The End of Recycling as We Know It

Aamir Jamil, Author

Since early 2018, China has banned 24 types of trash and has slowly been increasing. This is a change because China had imported 45% of the world’s plastic waste since 1992 and now, an estimated 111 million metric tons of plastic waste will be displaced because of China’s new law that will take effect by 2030.

So much of the world’s recycling is diverting, ending up in Southeast Asia now including nations like Malaysia, Thailand and Vietnam. They have picked up some of what China is leaving behind, but they don’t have as well-developed waste systems and lack proper infrastructure (like ports) to replace what China was doing. Recently, Vietnam was taking used items, but at one point needed to stop taking in trash to process everything. At the moment, no country can really replace what China was doing. 

This is an acute problem for America and also Millburn. Before, 81% of the 250 million tons of American trash exports were shipped to Asia. China was taking in half of the world’s trash before the ban and  was importing almost 9 million metric tons of plastic a year, according to Greenpeace. The country started importing recyclable waste in the 1980s to fuel a growing manufacturing business. It grew a whole waste processing and recycling industry, but improper handling of trash and a lack of supervision made China a major polluter.

China has been worried about the environmental impact of all the trash. China, now the second-largest economy in the world, has been increasing efforts to clean up its air, water and land. Under President Xi Jinping, the country has closed thousands of factories that contributed pollution and wants a greater use of renewable energy.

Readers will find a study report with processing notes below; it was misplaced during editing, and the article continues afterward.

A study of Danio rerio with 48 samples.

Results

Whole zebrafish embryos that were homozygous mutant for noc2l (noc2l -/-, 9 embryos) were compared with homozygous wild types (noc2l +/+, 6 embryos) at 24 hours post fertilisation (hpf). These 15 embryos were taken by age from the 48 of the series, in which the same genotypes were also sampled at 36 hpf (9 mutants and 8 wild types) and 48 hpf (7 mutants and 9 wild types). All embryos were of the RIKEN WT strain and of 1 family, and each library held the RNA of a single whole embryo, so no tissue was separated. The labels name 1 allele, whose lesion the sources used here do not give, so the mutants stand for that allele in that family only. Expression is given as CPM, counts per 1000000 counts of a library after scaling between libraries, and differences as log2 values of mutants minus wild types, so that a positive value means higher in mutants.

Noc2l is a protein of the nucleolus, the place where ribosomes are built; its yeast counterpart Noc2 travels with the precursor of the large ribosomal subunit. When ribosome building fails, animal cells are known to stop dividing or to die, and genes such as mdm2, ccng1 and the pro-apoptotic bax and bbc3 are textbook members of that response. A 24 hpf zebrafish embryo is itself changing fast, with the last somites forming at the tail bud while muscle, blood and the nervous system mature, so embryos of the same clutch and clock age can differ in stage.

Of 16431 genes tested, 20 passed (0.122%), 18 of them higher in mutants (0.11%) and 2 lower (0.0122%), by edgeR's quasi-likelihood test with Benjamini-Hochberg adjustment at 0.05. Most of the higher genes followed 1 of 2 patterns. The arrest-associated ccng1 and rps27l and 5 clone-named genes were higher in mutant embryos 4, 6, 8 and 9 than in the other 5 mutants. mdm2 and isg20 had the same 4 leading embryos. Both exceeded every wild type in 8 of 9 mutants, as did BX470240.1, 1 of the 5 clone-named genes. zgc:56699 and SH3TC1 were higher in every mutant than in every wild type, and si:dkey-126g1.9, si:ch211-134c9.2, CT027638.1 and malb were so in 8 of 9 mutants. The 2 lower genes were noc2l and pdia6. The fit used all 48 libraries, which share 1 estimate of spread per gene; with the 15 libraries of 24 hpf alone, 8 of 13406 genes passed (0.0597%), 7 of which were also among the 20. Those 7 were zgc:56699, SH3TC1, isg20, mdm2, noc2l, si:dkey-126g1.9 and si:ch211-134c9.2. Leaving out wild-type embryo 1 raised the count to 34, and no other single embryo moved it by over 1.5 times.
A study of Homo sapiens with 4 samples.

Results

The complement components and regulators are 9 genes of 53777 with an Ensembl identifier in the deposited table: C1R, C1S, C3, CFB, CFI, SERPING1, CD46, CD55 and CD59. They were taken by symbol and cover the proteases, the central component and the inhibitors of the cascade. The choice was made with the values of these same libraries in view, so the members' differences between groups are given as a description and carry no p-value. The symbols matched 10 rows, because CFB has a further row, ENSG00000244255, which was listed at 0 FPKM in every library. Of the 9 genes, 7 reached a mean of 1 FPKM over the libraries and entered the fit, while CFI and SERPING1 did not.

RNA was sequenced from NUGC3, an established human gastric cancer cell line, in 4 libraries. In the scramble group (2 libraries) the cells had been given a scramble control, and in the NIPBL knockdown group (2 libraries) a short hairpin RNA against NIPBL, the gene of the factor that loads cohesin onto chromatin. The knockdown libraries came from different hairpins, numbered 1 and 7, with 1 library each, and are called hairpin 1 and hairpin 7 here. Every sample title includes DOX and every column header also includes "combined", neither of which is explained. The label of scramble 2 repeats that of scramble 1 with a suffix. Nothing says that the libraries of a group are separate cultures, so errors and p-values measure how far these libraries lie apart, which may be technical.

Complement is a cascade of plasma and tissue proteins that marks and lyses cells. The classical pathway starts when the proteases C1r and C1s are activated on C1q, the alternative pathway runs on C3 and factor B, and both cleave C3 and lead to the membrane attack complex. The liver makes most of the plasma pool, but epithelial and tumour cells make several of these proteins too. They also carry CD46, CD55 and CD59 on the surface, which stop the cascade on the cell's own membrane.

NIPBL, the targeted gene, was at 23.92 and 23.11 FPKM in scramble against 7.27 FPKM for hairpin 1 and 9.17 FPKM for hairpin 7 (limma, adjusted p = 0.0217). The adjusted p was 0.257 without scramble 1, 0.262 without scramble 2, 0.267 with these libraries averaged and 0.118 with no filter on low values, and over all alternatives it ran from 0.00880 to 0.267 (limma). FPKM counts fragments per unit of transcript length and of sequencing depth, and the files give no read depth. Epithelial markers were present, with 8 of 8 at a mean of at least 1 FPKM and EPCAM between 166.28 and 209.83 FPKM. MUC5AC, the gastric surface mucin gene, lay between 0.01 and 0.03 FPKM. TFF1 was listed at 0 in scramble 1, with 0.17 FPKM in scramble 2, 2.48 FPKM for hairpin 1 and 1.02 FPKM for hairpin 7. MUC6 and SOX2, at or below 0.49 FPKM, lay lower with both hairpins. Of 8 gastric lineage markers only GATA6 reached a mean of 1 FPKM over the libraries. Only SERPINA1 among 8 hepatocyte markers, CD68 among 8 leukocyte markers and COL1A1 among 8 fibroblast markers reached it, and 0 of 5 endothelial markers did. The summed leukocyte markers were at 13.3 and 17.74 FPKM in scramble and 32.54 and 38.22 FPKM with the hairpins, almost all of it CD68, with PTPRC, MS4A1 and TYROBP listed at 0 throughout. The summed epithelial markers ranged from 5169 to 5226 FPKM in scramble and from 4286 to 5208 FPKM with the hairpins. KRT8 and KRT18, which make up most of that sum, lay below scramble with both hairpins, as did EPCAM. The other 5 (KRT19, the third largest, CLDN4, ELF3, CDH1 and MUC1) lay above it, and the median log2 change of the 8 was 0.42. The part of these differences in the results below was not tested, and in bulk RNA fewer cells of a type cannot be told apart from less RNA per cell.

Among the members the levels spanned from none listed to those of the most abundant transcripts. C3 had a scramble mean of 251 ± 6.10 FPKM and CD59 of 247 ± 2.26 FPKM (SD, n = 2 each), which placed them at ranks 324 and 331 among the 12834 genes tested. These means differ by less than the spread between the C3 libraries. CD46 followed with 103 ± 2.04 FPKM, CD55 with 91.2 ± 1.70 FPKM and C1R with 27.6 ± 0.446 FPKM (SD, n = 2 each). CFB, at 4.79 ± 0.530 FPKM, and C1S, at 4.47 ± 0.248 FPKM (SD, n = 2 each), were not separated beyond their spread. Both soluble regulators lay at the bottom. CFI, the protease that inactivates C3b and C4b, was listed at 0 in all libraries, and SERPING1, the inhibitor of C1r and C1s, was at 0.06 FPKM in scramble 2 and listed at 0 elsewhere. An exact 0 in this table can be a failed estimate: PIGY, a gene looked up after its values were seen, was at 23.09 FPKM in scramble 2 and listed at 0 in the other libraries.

American recycling now costs a lot more to ship to China as a result and the effects are trickling down. In New Hampshire, a town could sell its recycling it for $6 a ton. Now, the recycling plant is charging the town $125 a ton to recycle, or $68 a ton to incinerate. Some towns have been forced to stop using recycling trucks that pick up recycling from bins on the streets. A spokesperson for Philadelphia said it is “virtually impossible to meet the stringent contamination standards established in China,” and also said that recycling had a “major impact on the city’s budget,” at $78 a ton to recycle.

Another problem is that each plastic has to be sorted by weight, color, shape, and size. Aluminum cans can be recycled again and again, but plastics and glass are more complicated. It takes a lot of money to sort all the recycling and China could sort the recycling with cheap labor but in the United States, it costs a lot of more to sort the plastic. Instead, the United States was taking much of the plastic and shipping to China before being sorted.

The loss of China as a place to store recycling means that plastic, paper, and glass given for recycling by Americans are being sent to American landfills or are burned in incinerators. This risks an increase of toxic air pollution that threaten communities who live near heavy industry and incineration or landfills, which are historically poorer communities already facing a myriad of challenges. Many of the incinerators in the United States are older and do not have newer pollution controls. Also, many of the incinerators are designed for garbage, not recycling, which can affect the output of the fire. The burning of trash is releasing fumes that are causing an increase in people with cancer and asthma. 

If you are wondering what happens to our own recycling at the middle school, it is collected and co-mingled with trash. Apparently the recycling is sorted at a nearby waste center.

While most people still think our recycling is eco-friendly, now that might not be an assertive answer. If you like, watch this recent VICE Weekly clip on how China’s ban is affecting us here in the U.S.